I grew up in a community that is now known as one of the poorest counties in Mississippi. When I return home for family visits, poverty is on every corner. Buildings that once housed prosperous family businesses are now boarded up or burned down. Most residents work out of town or are unemployed. Whenever I ask my mother, a lifelong educator, about the stark contrast from the town that was part of my childhood, she replies in a sad voice, “Education, education, education. We stopped teaching children to read for the love of reading. We stopped teaching children to dream big dreams. This is what you get.”
To my mother, education and economics are inseparable. She often told me, “Without an education, options are few. An educated community is crucial to its survival. Part of that survival is teaching children to learn to enjoy learning.” One of my mother’s core beliefs is to teach children to love to learn and they will become big dreamers. Big dreamers invest in their communities.
My mother taught me to love to read. My reading led me to become a dreamer. Dreaming taught me to face life without fear or hesitation. Reading was also my escape from country life. I grew up in a household with very little in the way of extras, but I had an abundance of everything – I was surrounded by educators, professionals, and kinfolks who showed me how things were done by allowing me to see them in their career settings. I also saw them with books in their hands at every turn.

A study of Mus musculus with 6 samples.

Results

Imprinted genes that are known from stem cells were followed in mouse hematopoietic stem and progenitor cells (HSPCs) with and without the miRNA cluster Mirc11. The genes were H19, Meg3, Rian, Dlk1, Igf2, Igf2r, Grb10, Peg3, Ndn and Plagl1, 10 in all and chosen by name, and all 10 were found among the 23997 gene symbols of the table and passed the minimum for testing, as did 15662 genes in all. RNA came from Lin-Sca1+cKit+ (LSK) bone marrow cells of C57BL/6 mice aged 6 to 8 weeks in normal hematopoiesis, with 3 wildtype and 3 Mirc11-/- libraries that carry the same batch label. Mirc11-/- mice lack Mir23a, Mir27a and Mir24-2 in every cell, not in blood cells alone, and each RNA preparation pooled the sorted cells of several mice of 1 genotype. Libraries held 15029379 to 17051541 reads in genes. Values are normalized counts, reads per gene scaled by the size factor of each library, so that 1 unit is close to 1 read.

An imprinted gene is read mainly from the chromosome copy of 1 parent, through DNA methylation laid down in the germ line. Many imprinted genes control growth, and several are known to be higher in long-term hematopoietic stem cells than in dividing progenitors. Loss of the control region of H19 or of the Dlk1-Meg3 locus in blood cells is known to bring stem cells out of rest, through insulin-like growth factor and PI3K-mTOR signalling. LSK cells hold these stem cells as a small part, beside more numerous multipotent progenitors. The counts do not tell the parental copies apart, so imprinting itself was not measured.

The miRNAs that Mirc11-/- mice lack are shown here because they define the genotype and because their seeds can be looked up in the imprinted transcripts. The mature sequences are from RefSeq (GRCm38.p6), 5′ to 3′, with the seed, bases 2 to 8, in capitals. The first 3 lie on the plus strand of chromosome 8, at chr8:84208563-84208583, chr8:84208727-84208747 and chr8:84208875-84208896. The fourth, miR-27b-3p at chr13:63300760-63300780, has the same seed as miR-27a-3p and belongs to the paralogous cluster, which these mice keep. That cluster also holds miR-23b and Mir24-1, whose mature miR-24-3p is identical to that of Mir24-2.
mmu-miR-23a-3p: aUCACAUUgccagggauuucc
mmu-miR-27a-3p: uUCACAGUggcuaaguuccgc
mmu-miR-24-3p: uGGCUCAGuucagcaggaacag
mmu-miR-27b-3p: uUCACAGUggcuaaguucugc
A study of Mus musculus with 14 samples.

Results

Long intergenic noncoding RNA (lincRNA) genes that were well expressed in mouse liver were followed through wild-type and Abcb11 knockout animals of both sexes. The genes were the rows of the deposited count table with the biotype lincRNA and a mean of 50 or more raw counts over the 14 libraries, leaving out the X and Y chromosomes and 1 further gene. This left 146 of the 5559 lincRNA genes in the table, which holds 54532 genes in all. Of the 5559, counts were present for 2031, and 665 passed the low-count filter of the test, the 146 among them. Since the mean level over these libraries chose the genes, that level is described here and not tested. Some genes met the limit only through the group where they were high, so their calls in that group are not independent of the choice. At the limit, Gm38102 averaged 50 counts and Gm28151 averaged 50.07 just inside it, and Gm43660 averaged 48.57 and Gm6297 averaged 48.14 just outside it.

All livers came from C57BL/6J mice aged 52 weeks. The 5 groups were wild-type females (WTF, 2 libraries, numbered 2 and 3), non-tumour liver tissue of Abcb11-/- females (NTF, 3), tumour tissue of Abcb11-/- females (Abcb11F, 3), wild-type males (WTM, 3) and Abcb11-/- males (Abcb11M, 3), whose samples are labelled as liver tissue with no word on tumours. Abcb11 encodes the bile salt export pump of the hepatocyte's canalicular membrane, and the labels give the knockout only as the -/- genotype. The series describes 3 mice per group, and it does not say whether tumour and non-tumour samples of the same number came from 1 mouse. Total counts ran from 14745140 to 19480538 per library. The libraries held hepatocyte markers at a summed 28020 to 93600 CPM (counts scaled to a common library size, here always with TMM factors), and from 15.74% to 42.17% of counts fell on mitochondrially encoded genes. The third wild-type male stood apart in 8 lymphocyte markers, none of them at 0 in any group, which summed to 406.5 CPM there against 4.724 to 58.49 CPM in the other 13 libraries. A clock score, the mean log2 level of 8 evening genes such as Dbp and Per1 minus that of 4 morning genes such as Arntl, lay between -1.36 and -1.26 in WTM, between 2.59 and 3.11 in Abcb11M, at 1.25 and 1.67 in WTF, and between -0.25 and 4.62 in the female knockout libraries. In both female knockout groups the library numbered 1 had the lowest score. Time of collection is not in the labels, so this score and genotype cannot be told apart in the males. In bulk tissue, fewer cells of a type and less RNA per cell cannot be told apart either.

I read books before I started school. My earliest memory of reading was to my grandfather. He would sit in his Lazy Boy chair rocking back and forth while I read to him from my small chair. Because he was hard of hearing, I read at the top of my voice. He had the patience of Job as I read one story after another. Reading to my grandfather was a routine I continued to end of his life. As an adult, my return visits to my grandparents always included stacks of magazines and newspapers from other cities. I would eagerly share with him who I had met and where I had been and read to him articles from places he never got to visit. He would smile and grin and give commentary on the politics and economics of municipalities as if he lived in each one.